DSPF Function Keys and the Hex AID Byte from the INFDS

IBM i

Jul 06

THE AID BYTE IS A SINGLE CHARACTER FIELD THAT CONTAINS A HEX CODE THAT WILL TELL YOU EXACTLY WHAT THE USER PRESSED ON THE SCREEN – IE: ENTER OR PF3 OR PF12 OR ‘WHATEVER’

The File Information Data Structure is has all kinds of very cool information stored in it. It makes any programmers life easier if coding a *DSPF style program. Even a basic understanding of some core *INFDS values (File Information Data Structure) will help any RPG Programmer.

One nice little feature of the *INFDS is the AID byte. This byte occupies the 369th position of the INFDS and is 1 character in length. It stores the hexadecimal value of the most recent key pressed – any key that feeds input back to the program.

So how do we use this AID byte in our RPG Program?

Declare the INFDS and define the AID byte with a variable name (say ‘FKEY’). Declare all the hexadecimal values of the function keys and the field-exit keys as standalone fields in the D-spec initializing with the hex value. Then in our program, we can check for the function key that was pressed, simply check ‘If Fkey = F10’ where Fkey is the AID Byte variable and F10 is the variable that stores the hexadecimal value of the F10 function key.

Sample code that can be used as a copybook:

D DSPFINFDS      DS
D Dspflags              367    368
D Fkey                           1
D Cursrloc                       2
D Datalen                        9B 0
D Sfrelrec                       4B 0
D Sfminrrn                       4B 0
D Sfnbrrec                       4B 0
D Wincsrlc                       2
D Majorcod              401    402
D Minorcod                       2
D  F1             C                   CONST(X’31’)
D  F2             C                   CONST(X’32’)
D  F3             C                   CONST(X’33’)
D  F4             C                   CONST(X’34’)
D  F5             C                   CONST(X’35’)
D  F6             C                   CONST(X’36’)
D  F7             C                   CONST(X’37’)
D  F8             C                   CONST(X’38’)
D  F9             C                   CONST(X’39’)
D  F10            C                   CONST(X’3A’)
D  F11            C                   CONST(X’3B’)
D  F12            C                   CONST(X’3C’)
D  F13            C                   CONST(X’B1′)
D  F14            C                   CONST(X’B2′)
D  F15            C                   CONST(X’B3′)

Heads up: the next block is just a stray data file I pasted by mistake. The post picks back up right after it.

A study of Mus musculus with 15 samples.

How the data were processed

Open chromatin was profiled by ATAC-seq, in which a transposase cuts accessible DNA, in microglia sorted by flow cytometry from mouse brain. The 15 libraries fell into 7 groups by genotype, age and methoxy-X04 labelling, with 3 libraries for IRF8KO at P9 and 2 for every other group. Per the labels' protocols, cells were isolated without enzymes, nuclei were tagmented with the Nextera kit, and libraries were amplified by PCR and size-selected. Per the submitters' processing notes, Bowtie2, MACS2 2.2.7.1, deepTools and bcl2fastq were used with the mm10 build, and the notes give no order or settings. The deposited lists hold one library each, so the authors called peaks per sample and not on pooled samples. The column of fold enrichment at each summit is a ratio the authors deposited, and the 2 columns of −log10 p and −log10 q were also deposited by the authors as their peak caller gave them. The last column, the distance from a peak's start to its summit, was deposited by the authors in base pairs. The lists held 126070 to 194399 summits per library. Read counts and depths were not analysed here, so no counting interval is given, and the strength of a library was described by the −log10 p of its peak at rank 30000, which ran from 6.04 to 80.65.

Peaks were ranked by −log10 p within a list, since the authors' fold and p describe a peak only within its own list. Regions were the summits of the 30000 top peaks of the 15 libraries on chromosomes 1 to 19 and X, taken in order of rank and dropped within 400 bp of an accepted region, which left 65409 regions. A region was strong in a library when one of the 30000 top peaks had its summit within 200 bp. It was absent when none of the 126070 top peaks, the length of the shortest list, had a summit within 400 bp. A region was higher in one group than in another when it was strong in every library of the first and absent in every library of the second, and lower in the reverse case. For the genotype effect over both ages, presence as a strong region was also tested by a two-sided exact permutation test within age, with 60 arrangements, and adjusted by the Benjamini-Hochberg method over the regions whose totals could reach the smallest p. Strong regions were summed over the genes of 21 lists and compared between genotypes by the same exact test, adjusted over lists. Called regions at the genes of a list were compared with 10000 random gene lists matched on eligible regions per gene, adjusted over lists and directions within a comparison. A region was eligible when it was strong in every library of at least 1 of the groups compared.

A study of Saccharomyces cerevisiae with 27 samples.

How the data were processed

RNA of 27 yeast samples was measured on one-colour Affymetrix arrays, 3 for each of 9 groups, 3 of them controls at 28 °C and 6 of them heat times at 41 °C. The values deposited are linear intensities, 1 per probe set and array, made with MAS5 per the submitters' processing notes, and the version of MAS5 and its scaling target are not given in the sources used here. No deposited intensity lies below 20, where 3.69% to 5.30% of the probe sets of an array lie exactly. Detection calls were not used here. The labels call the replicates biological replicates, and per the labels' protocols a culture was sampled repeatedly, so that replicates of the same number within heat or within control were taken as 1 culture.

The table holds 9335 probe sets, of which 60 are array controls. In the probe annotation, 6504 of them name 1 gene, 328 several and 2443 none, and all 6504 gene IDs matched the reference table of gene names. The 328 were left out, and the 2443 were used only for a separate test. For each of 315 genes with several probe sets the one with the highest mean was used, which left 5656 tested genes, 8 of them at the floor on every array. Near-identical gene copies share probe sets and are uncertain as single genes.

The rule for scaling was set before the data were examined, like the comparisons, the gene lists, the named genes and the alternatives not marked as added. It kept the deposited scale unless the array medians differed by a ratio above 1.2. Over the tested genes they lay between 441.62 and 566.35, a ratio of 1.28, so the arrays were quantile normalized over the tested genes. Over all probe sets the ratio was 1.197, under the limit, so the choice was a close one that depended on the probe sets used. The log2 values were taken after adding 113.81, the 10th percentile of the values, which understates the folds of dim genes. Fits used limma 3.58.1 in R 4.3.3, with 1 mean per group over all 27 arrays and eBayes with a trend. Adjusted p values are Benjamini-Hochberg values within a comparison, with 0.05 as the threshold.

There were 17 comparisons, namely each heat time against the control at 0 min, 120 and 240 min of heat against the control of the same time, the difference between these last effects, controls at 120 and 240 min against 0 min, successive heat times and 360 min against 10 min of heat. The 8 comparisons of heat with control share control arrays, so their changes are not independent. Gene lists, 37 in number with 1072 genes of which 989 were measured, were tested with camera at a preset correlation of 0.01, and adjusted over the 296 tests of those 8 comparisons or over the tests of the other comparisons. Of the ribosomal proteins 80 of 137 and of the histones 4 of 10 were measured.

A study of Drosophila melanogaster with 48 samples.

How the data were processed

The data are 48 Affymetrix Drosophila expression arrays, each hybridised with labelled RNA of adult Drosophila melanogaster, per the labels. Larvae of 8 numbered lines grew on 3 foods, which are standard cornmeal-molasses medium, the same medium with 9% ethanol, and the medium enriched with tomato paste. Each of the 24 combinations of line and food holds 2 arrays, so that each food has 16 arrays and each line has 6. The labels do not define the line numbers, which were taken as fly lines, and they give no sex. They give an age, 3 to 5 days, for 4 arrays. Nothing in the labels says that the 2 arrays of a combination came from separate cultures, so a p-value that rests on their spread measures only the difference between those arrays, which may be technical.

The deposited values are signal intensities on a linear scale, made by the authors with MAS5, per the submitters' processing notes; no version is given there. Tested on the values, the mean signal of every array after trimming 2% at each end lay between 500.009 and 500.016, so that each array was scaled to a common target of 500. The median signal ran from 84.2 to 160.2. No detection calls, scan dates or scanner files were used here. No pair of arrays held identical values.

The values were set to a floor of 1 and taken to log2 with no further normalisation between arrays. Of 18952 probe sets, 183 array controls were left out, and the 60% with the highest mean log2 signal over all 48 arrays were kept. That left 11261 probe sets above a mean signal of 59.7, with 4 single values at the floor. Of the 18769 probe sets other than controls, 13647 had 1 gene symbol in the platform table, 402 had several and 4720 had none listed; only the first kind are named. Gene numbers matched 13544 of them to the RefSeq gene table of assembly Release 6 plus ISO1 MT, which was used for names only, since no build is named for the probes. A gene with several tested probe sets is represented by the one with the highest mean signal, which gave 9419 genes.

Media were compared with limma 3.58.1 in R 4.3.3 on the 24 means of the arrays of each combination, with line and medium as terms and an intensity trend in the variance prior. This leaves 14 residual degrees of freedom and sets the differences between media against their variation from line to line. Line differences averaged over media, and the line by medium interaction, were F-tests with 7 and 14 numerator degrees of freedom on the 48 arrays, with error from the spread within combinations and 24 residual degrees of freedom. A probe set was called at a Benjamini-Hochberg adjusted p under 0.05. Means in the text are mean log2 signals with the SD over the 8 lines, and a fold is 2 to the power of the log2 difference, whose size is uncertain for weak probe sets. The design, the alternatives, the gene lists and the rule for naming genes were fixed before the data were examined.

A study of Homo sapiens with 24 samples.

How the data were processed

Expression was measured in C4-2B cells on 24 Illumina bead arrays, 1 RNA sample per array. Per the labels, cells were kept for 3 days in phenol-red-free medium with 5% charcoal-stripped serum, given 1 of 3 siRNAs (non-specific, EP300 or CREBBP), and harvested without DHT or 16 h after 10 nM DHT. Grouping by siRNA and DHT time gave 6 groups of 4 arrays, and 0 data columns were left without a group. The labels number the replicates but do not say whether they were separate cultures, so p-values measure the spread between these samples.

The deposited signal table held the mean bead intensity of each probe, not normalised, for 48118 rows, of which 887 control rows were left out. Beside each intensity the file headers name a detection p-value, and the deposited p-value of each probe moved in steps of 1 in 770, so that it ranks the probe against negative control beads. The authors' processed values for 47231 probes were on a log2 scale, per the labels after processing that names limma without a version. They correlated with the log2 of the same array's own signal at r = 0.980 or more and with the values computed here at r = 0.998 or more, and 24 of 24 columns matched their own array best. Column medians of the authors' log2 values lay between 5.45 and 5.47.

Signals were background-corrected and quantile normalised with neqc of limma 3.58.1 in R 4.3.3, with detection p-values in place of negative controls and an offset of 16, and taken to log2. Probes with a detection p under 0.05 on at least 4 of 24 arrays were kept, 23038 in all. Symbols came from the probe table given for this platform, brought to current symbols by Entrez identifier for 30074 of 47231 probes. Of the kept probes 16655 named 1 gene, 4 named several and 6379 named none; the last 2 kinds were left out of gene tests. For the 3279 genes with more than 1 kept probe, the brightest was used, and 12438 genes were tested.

D  F16            C                   CONST(X’B4′)
D  F17            C                   CONST(X’B5′)
D  F18            C                   CONST(X’B6′)
D  F19            C                   CONST(X’B7′)
D  F20            C                   CONST(X’B8′)
D  F21            C                   CONST(X’B9′)
D  F22            C                   CONST(X’BA’)
D  F23            C                   CONST(X’BB’)
D  F24            C                   CONST(X’BC’)
D  Clear          C                   CONST(X’BD’)
D  Enter          C                   CONST(X’F1′)
D  Help           C                   CONST(X’F3′)
D  Rolldown       C                   CONST(X’F4′)
D  Rollup         C                   CONST(X’F5′)
D  Print          C                   CONST(X’F6′)
D  Recd_Bksp      C                   CONST(X’F8′)
D  Auto_Enter     C                   CONST(X’3F’)

Or, we can modernize this code and show it in RPGLE /FREE 🙂  It would look like this:

 dcl-ds DSPFINFDS; 
 Dspflags char(2) pos(367);  
 Fkey char(1); 
 Cursrloc char(2); 
 Datalen bindec(9); 
 Sfrelrec bindec(4); 
 Sfminrrn bindec(4); 
 Sfnbrrec bindec(4); 
 Wincsrlc char(2); 
 Majorcod char(2) pos(401); 
 Minorcod char(2); 
 end-ds; 
 
 dcl-c F1 x'31'; 
 dcl-c F2 x'32'; 
 dcl-c F3 x'33'; 
 dcl-c F4 x'34'; 
 dcl-c F5 x'35'; 
 dcl-c F6 x'36'; 
 dcl-c F7 x'37'; 
 dcl-c F8 x'38'; 
 dcl-c F9 x'39'; 
 dcl-c F10 x'3A'; 
 dcl-c F11 x'3B'; 
 dcl-c F12 x'3C'; 
 dcl-c F13 x'B1'; 
 dcl-c F14 x'B2'; 
 dcl-c F15 x'B3'; 
 dcl-c F16 x'B4'; 
 dcl-c F17 x'B5'; 
 dcl-c F18 x'B6'; 
 dcl-c F19 x'B7'; 
 dcl-c F20 x'B8'; 
 dcl-c F21 x'B9'; 
 dcl-c F22 x'BA'; 
 dcl-c F23 x'BB'; 
 dcl-c F24 x'BC'; 
 dcl-c Clear x'BD'; 
 dcl-c Enter x'F1'; 
 dcl-c Help x'F3'; 
 dcl-c Rolldown x'F4'; 
 dcl-c Rollup x'F5'; 
 dcl-c Print x'F6'; 
 dcl-c Recd_Bksp x'F8'; 
 dcl-c Auto_Enter x'3F'; 

/me loves being /free

 


IBM i Software Developer, Digital Dad, AS400 Anarchist, RPG Modernizer, Alpha Nerd and Passionate Eater of Cheese and Biscuits. Nick Litten Dot Com is a mixture of blog posts that can be sometimes serious, frequently playful and probably down-right pointless all in the space of a day. Enjoy your stay, feel free to comment and in the words of the most interesting man in the world: Stay thirsty my friend.